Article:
Revenue for the fourth quarter was $3.49 billion, well off the $4.09 billion estimate of analysts. The company -- reporting its first quarterly results since Office Depot completed its acquisition of OfficeMax in November -- posted a loss of 3 cents a share, compared with analysts' estimates of earnings of 3 cents a share. Shares fell 9% on the news, not a great start for the country's No. 2 office-supply retailer behind Staples (SPLS).
It makes me wonder what the office-supply business would look like if the Federal Trade Commission had allowed Office Depot and Staples to merge, as they had intended to, back in 1997.
That the FTC blocked that move was quite comical, especially given the explanation by the director of the FTC's Bureau of Competition, William J. Baer, who said at the time, "The FTC's decision to ask a court to block the merger is about lower prices for consumers. If the merger is allowed to proceed, consumers will pay millions of dollars more for their copy paper, envelopes, pens and file folders."
That statement sounded funny to me in 1997 and is even funnier now as technology and the Internet have upended the retail and printing-services businesses.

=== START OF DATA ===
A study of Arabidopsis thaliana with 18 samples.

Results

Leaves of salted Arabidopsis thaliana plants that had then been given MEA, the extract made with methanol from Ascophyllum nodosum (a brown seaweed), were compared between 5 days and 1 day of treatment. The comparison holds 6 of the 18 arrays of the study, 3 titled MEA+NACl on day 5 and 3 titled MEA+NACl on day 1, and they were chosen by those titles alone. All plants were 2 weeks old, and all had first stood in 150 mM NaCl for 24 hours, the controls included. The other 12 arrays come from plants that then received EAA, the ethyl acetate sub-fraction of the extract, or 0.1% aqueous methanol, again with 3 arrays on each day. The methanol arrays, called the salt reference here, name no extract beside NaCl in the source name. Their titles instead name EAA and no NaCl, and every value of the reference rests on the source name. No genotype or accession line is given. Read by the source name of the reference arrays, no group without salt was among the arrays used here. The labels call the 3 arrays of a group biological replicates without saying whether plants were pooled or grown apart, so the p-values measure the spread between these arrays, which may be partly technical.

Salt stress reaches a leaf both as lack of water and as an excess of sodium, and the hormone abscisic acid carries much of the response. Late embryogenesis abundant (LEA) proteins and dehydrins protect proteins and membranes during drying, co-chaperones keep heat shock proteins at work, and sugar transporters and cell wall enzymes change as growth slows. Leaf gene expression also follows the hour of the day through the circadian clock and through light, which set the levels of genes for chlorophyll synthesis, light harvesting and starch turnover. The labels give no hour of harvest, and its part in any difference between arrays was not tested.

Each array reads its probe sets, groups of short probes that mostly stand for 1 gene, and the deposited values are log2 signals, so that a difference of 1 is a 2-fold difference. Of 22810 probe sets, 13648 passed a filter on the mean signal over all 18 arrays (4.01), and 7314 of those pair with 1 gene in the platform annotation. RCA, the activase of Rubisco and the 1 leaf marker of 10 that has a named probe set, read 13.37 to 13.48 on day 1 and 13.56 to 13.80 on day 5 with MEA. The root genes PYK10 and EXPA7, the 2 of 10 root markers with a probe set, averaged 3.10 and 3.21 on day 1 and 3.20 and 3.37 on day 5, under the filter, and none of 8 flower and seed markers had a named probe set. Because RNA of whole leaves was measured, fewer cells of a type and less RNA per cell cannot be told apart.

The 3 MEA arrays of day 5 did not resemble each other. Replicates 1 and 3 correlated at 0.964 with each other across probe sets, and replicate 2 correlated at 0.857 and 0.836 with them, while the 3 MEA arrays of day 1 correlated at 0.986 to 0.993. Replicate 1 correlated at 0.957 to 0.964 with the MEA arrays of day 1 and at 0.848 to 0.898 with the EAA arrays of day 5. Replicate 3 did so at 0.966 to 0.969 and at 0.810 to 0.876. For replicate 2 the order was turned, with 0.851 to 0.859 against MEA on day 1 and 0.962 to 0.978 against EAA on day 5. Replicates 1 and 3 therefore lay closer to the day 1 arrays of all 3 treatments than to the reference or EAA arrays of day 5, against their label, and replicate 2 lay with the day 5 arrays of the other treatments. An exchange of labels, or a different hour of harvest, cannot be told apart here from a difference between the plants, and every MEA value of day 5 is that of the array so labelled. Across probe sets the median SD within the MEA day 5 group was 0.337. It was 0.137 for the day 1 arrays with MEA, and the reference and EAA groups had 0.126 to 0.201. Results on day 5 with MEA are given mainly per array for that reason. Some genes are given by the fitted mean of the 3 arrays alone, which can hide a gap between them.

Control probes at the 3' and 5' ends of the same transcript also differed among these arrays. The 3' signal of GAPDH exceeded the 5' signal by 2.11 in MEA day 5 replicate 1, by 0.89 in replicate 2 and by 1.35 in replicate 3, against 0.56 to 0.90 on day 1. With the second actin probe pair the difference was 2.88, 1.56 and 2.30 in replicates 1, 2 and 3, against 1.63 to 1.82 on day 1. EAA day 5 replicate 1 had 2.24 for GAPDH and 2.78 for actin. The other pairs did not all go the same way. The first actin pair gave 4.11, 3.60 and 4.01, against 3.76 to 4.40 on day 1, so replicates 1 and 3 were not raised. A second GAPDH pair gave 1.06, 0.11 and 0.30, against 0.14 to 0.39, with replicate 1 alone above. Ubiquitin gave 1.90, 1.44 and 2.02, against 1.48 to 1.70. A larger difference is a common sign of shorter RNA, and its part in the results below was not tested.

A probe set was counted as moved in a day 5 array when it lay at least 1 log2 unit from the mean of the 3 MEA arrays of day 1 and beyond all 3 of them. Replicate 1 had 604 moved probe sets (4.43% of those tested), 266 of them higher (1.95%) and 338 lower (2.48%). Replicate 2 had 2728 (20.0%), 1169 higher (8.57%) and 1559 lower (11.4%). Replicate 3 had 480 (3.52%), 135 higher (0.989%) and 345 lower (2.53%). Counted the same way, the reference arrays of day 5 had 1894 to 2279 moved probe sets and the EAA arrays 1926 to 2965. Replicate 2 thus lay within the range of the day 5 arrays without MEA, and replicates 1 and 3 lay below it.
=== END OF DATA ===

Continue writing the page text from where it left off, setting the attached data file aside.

The question is, can the new Office Depot make a go of it or were the fourth-quarter results a sign of things to come?
First, the merger was a positive for the industry, because consolidation was needed. If the combined entity can achieve the benefits -- including $600 million in annual cost savings -- that management has been touting and receive the better terms from vendors that you would expect, the company should succeed.
The balance sheet appears to be strong enough to give the company time to get its act together. Office Depot ended the year with $955 million, or $1.79 per share, in cash (Please note that there are now 532 million shares outstanding; some data providers are still reporting the pre-merger number of 289 million.)
While there's $1.58 billion in debt, the majority of it doesn't mature until 2019 and beyond. Furthermore, the company has long-term notes receivable -- the result of OfficeMax's sale of timberlands in 2004 -- on the books in the amount of $945 million, which mature in 2020, and render the current debt less onerous.
It's not business as usual in the office-supply business, and management has its work cut out for it, but Office Depot may be worth a look.ODP data by YCharts
At the time of publication, the author held no positions in any of the stocks mentioned.
This article represents the opinion of a contributor and not necessarily that of TheStreet or its editorial staff.